Saturday, April 9, 2011

Tea, Coffee, Cappuccino by Boris Mikhailov

Writing in the foreword to his 1996 book Am Boden (By the Ground) Boris Mikhailov states; The fourth year of change. Not much has been reorganized, but a lot has changed. I already notice the tendency towards a "new" society, a deterioration in the quality of life for most people and the waning hope that some time everything will turn out fine for them. He continues; To a certain extent, I was always a street photographer. I always searched the streets for historical symbols of the present times. The streets reflect social processes like a mirror. What that book and its companion Die Dämmerung (At Dusk) described was bleak - everything seems to have collapsed at once spreading, in Mikhailov's words, the feeling of a natural catastrophe. It was felt in the book's titles - the darkening end of an era and the lowered perspective pulling us to the earth. the title of his newest offering Tea, Coffee, Cappuccino published by Verlag der Buchhandlung Walther König might be signaling a lighter, more positive view. Guess again.

Photographing in his hometown of Kharkov, Mikhailov has once again taken to the streets to reflect social process. On the cover, three men laugh and smile good-naturedly at the camera, almost mocking the choices offered by the book's title. What choice has been given by the arrival of western splendor? Cappuccino? The blossoming adverts that rise above the crumbled and muddy streets? Nearly everyone in the 200 color photographs seem to be carrying shopping bags and bundles full of goods giving the impression that success has been achieved but as Mikhailov speculates "a flux of cheap commodities has conquered ubiquitously, creating a colorful new plastic reality." The previous eras long breadlines have now been replaced by lines waiting for infrequent trams.

The facing spreads form disjointed panoramics which seem a natural continuum to By the Ground and At Dusk. Mikhailov notes that the photos 'fitted together in a chronologic order: what was photographed earlier is at the beginning, and the later photos are towards the end.' This order, bracketed by images of people kicking up their heels in impromptu can-can dances, seems to show a drift into a mental state of escapism and spectacle until a Kurt Cobain Jesus makes his appearance in the final photograph.

Bookwise, Tea, Coffee, Cappuccino is straightforward in design and printing. The flow of images seems daunting because of the amount but appropriate for a book that is partly about the dream of excess. The awkward cover design seems to be a nod towards the poor design of the ever-present advertising seen throughout the book.

As in all of Mikhailov's other books his presence is felt or literally seen as both insider and outsider. In Tea, Coffee, Cappuccino he pratfalls out of a kiosk doorway and perches on a small railing trying to inject humor as an occasional diversion. This portrait of Kharkov might be his darkest work yet. Even though Case History portrayed a populace often homeless and rife with disease there was a sense that death - an end to the misery - was close at hand. In Tea, Coffee, Cappuccino, what he has shown might be the state for a long time to come.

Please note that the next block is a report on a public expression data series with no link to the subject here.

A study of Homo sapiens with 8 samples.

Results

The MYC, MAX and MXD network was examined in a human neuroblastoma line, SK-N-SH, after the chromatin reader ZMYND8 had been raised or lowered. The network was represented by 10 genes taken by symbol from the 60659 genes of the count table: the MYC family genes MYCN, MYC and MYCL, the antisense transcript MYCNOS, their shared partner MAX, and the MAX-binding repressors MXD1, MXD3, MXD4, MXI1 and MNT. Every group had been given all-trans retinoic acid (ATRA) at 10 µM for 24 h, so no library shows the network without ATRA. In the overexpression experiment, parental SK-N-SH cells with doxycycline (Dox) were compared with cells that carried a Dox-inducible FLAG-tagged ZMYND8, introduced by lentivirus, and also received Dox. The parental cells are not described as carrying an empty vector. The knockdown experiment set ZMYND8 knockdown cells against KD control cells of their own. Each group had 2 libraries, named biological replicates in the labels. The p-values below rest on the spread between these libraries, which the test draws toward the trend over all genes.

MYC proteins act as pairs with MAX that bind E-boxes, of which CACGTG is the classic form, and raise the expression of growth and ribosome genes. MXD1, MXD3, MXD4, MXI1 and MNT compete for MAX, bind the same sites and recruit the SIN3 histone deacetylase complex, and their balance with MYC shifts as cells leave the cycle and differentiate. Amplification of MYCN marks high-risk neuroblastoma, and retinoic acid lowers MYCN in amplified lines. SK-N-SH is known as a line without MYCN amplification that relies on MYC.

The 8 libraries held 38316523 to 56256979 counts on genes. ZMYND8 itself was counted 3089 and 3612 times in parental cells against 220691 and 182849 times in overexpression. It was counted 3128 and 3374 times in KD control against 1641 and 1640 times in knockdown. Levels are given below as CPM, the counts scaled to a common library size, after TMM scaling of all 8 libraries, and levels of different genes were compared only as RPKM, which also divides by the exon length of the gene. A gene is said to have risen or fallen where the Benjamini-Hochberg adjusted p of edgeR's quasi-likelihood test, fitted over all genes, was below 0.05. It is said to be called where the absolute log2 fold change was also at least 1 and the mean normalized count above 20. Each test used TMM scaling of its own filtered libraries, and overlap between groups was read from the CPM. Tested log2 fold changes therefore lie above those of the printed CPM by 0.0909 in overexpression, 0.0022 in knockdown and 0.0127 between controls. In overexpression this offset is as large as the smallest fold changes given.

Monday, April 4, 2011

d.a. levy Electric Greek Poems by Jon Beacham

My love of typography especially that adapted by great designers like Jan Tschichold and others has led to an appreciation of the concrete poets working from the 1950s onward. These were poets who refused to think of words as mere indifferent vehicles without a visual life of their own that could further communicate by their physical arrangement on the printed page. People like Dick Higgins, Claus Bremmer and Emmett Williams are among the well known but my favorite who isn't usually cited would be Ferdinand Kriwet, who for photobook lovers, created the circular "poem" that precedes the photographs in Ed van der Elsken's classic book Sweet Life.

One poet who I knew little about before discovering a facsimile of his work produced by local Brooklyn artist and printmaker Jon Beacham is D.A. Levy. Levy was a Cleveland based poet and artist working in the 1960s and his self produced mimeograph books were his main medium.

As primarily a bookmaker, his most widely distributed works The North American Book of the Dead, Cleveland Undercovers, Suburban Monastery Death Poem, and Tombstone as a Lonely Charm count as only a few among over 160 publications he produced in his short lifetime before committing suicide on November 24,1968 at age 26 (11 days after I was born).

In the fall of 1968, Levy was invited to Madison to be a poet in residence at the University of Wisconsin by David Wagner and Morris Edelson. During this time he created a series of concrete poems and a collection titles Electric Greek Poems - a reference to the originators of visual poetry which were used as decoration for religious artworks and alter shaped poems dating back to the 2nd century BC. This facsimile collection contains some of the last works created by Levy before his death.

19 individual sheets printed by hand on a Vandercook, Jon Beacham has published an edition of 165 copies faithful in every way exactly to the original but for use of a brown cover stock instead of the original blue. The physical aesthetics of craft - the imperfect typewritten covers (set with an IBM Selectric typewriter) and the slight impression of the ink into the paper from the pass of the Vandercook's drum - are a welcome distraction from the digitized detachment from objects not touched by hands.

Go here to order and find out more about Beacham and his other projects.